How irritating it is when you think you’re right, but the other sees it differently. Or the other person comes up with an idea where you immediately think NO. Do you then get into an internal conflict with yourself because you are not allowed to express it yourself or do you notice that you often end up in a tug-of-war with others?
How do you deal with conflicting opinions?
How do you turn a No into a Yes?
How do you not immediately reject the idea of the other, so that you become diametrically opposed to the other? How do you ensure that there is room for curiosity and creativity?
With this skill you will come up with completely different solutions, perhaps even better solutions than you could ever have come up with on your own.
The best leaders are those who continue to learn and grow. Leadership and management training are common ideas now, with nearly 500 million search results on Google. Investing in your personal development ensures that you know yourself better, can do better self-management if you are triggered, and that you have a wider range of behavior at your disposal to deal with different situations and behavior of others.
A powerful leadership tool that I often use in my executive coaching is “Yes, and”. It helps you to turn your personal irritation into curiosity. It invites cooperation instead of opposition, it affirms the other; the other feels heard and valued. Another nice side effect: often even better ideas arise than if you had only pushed your own idea!
Because suppose someone comes to you with an idea. And you immediately think ‘oh no, we are definitely NOT going to do that’. You hear yourself throwing up arguments and the sentences start with ‘yes, but..’. You will come face to face with each other and no common ground will be found. This kind of conversation is very unsatisfactory for both parties.
Saying “yes” doesn’t always mean agreeing with the other person. While there are benefits to having a “yes” mentality, herein lies the danger of giving too much away, not standing up for yourself, and having a leak in energy and motivation, as well as a lack of focus.
The “yes, and” is based around an affirmation of a thought or feeling.
An employee comes to you with the request for a pay increase, different hours or a new job. The key is to avoid making the situation confrontational. By actively listening to that person and affirming his or her feelings, you can hear the 2% in the proposal that you can understand.
So let’s take the example of the employee who says, “I need to make more money,” but you know that a raise isn’t possible. If you say, “We can’t do that,” this employee will feel left out, angry, and most likely unappreciated. Mmmh… Not the best communication scenario.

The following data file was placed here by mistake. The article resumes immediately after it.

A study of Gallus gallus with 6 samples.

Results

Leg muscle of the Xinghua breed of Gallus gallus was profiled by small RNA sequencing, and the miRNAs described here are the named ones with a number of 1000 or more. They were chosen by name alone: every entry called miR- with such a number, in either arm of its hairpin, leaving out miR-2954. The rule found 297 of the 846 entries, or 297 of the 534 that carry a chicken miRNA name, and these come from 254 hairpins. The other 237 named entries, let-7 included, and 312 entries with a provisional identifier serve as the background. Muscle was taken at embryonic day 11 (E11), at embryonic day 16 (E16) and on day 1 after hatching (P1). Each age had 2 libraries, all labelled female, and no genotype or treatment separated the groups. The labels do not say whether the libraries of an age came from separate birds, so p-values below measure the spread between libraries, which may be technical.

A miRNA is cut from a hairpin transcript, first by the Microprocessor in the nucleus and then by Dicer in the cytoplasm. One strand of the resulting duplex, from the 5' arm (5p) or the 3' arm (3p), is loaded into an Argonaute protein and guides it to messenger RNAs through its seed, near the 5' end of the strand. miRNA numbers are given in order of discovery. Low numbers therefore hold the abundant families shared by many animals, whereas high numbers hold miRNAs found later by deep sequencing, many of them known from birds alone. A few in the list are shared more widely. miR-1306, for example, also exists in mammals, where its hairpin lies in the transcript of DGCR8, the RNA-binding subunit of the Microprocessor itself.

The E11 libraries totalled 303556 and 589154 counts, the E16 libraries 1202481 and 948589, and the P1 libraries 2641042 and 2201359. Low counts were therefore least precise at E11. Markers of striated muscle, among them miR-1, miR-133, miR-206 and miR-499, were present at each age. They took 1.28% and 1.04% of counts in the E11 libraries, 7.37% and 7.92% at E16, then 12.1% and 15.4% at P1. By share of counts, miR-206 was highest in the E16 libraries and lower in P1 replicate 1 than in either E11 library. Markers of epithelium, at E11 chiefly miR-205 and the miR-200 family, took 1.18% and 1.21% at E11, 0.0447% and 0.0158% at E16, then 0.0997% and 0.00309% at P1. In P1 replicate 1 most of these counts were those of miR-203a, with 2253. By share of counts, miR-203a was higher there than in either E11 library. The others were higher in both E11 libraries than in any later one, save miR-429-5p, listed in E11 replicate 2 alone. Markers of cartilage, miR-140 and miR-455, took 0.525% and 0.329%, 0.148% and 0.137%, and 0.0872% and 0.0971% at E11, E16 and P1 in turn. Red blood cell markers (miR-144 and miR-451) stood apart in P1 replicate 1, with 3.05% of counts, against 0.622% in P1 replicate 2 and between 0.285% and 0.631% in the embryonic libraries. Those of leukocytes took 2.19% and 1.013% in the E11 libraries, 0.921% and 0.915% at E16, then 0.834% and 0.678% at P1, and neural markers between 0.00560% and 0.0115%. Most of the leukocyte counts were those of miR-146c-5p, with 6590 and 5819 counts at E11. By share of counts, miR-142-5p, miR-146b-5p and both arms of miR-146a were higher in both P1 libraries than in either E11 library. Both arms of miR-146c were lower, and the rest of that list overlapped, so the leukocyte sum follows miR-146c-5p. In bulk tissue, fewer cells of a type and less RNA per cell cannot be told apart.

Turn the situation around and confirm the question with, “Yes, I hear you want to make more money.” By repeating what they just said, you have affirmed that person and showed that you are listening to their needs.
The word “but” is a huge block in a conversation. When we hear “but,” we think the conversation and ideation session is over and we’ve made a decision. A ‘yes, but’ is interpreted as a ‘no’.
Okay, that’s already better.
Only then we quickly fall into the following trap, you then say: “Yes, I hear you want to earn more salary, BUT that is not possible.” Now you’ve confirmed their feeling and then shot it down by elevating it with the second part of that sentence.
To have REALLY effective communication it takes “yes, AND”.
The addition of the word “And” connects two or more things.
Let’s go back to that conversation with an employee about pay. This time you answered “Yes, I hear you want to make more money, AND that is not possible right now.” The “and” opens a conversation instead of closing it. You can also add “Let’s talk about it” and have a conversation about why. Of course, that means more communication, so be prepared!
Exercise for yourself:
- Train yourself in detecting your critical or stubborn side. Notice how often you hear yourself say ‘yes, but..’. Observe the effect it has on your interlocutor.
- Practice in situations where the other person comes up with a proposal to find the 2% you can agree with.
- Practice saying ‘yes, what I like about your proposal is.. AND [tell me how you want to build on this]
It takes practice and self-management to convert the yes but (actually no) into a yes, and. It requires active listening and joining in with what the other is saying. Then build on it and weave in your own ideas. You will also have to be prepared to be open to the ideas that may arise. I am curious which innovative, creative and out-of-the-box ideas you will come up with (together).